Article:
In August, the ERLC noted a significant religious liberty court case in the state of Kentucky. The case was Lexington-Fayette Urban County Human Rights Commission v. Hands On Originals centered on a situation from 2012 when Blaine Adamson, the owner of Hands On Originals, was asked “to create t-shirts promoting the local Pride Festival.”
The request came from the Gay and Lesbian Services Organizations (GLSO). According to Becket Law, “because the message of the t-shirts conflicted with Blaine’s religious beliefs, he offered to connect GLSO with other printers who would match his price.” GLSO, however, was not satisfied with Adamson’s decision and attempt to help them without violating his conscience. GLSO “filed a complaint with the local human rights commission, which ordered Blaine to print the shirts and attend ‘diversity training’ to change his views.”
Adamson rightly challenged the decision of the local human rights commission, which resulted in the case eventually working itself up to the Kentucky Court of Appeals.
Not only must the government not be allowed to usurp God’s authority in matters of religious affection and practice, it also must not be allowed to compel its citizens to violate their conscience before God.
On Aug. 23, 2019, the Kentucky Supreme Court began hearing the oral argument of the case as the defendants have appealed the lower courts decision that concluded that Adamson’s right to free speech and religious liberty were violated by the human rights commission’s decision.
On Oct. 31, the court ruled unanimously in favor of Blaine Adamson and Hands On Originals, stating that “the Lexington Fayette Urban County Human Rights Commission went beyond its charge of preventing discrimination in public accommodation and instead attempted to compel Hands On to engage in expression with which is disagreed.”
As Alliance Defending Freedom reported, “The Kentucky Supreme Court wrote in its opinion in Lexington-Fayette Urban County Human Rights Commission v. Hands On Originals that “this matter must be dismissed because the Gay and Lesbian Services Organization, the original party to bring this action before the Lexington-Fayette Urban County Human Rights Commission, lacked statutory standing to assert a claim against Hands On Originals under the Lexington-Fayette Urban County Government ordinance.’” The details of the court’s ruling can be found in the full opinion documents hosted at the ADF website.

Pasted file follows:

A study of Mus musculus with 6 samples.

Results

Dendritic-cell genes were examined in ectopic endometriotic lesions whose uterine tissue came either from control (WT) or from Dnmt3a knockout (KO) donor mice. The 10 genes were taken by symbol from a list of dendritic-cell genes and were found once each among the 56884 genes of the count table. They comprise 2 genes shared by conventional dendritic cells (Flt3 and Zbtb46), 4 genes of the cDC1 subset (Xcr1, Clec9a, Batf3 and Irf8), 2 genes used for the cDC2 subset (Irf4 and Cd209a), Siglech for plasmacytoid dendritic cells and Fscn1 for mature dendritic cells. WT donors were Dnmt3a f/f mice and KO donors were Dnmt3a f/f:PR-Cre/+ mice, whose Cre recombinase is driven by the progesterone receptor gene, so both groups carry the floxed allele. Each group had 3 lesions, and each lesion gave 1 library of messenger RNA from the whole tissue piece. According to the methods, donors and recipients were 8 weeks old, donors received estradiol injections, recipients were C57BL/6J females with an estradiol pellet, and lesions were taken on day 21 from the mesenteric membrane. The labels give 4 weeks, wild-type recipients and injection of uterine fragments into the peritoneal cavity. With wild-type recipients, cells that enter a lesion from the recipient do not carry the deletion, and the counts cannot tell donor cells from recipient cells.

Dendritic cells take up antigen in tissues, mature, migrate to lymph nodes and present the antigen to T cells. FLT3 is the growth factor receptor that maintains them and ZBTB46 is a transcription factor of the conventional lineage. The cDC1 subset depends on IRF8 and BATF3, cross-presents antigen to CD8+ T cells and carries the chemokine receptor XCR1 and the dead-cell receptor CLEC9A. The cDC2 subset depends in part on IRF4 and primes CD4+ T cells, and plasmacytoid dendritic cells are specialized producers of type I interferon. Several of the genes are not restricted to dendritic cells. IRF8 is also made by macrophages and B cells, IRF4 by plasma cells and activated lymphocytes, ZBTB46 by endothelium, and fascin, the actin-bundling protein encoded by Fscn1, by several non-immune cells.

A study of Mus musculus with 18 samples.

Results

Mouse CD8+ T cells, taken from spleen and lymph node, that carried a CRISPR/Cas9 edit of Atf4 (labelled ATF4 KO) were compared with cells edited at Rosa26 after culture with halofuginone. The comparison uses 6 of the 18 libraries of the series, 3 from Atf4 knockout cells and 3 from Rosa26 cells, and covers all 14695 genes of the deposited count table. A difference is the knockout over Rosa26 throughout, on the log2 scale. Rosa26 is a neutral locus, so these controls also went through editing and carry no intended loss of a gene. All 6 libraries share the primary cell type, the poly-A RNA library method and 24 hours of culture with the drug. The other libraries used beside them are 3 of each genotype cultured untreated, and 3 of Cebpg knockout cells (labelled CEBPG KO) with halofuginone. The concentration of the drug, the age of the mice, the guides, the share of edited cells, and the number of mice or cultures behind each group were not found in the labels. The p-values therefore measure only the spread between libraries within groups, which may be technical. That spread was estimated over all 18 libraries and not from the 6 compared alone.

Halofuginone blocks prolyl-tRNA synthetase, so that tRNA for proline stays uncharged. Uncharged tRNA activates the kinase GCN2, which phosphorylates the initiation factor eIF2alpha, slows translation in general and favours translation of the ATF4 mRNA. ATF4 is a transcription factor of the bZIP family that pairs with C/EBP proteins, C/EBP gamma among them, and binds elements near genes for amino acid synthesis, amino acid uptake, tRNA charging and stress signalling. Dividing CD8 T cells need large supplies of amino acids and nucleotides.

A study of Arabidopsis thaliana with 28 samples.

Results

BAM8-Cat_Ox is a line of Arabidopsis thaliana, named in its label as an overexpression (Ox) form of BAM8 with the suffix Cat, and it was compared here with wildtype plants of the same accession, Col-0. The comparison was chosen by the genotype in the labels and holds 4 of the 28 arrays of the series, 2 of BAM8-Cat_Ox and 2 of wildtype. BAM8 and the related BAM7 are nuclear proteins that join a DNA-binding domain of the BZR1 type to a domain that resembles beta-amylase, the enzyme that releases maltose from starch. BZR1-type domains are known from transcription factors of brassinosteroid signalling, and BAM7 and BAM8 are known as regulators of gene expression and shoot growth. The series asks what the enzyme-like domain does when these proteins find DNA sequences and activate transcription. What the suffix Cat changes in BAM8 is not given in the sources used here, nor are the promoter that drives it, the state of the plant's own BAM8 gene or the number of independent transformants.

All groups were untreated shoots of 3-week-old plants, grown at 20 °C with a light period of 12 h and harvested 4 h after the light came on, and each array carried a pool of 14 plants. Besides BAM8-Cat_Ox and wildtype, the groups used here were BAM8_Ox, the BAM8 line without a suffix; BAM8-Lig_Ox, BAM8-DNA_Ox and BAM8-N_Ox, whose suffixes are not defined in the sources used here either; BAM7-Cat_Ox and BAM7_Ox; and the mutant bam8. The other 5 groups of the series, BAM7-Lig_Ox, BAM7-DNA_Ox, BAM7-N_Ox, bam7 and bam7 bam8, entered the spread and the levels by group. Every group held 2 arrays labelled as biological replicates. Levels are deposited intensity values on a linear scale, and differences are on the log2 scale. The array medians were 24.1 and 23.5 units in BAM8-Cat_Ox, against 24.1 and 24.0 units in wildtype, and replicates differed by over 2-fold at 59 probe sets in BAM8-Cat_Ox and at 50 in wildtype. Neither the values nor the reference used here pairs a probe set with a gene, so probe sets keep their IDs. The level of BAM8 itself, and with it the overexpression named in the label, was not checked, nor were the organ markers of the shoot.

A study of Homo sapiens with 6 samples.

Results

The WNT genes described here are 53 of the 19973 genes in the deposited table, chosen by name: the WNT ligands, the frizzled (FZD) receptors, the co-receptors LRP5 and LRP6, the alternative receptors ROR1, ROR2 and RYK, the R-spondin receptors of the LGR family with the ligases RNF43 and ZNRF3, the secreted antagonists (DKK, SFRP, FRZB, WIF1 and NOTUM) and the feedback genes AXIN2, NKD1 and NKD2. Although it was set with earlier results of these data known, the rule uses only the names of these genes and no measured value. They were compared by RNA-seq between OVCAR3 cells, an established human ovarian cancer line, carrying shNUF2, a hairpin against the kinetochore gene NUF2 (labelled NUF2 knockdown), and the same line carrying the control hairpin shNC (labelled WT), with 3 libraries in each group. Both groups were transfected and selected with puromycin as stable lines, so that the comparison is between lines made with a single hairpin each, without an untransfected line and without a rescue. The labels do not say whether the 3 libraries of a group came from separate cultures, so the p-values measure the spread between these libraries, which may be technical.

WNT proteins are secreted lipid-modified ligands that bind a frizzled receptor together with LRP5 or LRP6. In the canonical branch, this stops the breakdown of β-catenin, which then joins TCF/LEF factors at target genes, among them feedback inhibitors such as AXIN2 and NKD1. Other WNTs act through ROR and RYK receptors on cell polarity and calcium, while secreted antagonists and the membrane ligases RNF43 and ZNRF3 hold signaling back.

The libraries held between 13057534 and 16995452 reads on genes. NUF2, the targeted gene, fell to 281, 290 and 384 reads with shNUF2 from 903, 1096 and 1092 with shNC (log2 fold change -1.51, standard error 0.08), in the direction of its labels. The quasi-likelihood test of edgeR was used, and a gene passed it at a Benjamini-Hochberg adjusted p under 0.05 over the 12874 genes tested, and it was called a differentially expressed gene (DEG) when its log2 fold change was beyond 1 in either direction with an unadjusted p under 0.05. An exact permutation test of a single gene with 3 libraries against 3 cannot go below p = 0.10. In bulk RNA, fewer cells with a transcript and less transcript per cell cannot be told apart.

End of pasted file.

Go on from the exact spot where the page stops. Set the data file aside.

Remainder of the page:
The Kentucky Supreme Court’s decision in this case is not one of special accommodation to protect Christians, rather the principles of free speech protect all people throughout society. As I have stated before, a government powerful enough to compel a Christian business owner to promote a message contrary to their sincerely held religious beliefs is a government powerful enough to force a Kosher deli owner or Halal butcher to cater an event by serving pork.
This is not the type of authority government should have—to compel people to contradict their sincerely held beliefs, even if those beliefs are culturally disfavored. God is the judge of all humanity. God alone retains sovereignty over a person’s conscience. Not only must the government not be allowed to usurp God’s authority in matters of religious affection and practice, it also must not be allowed to compel its citizens to violate their conscience before God.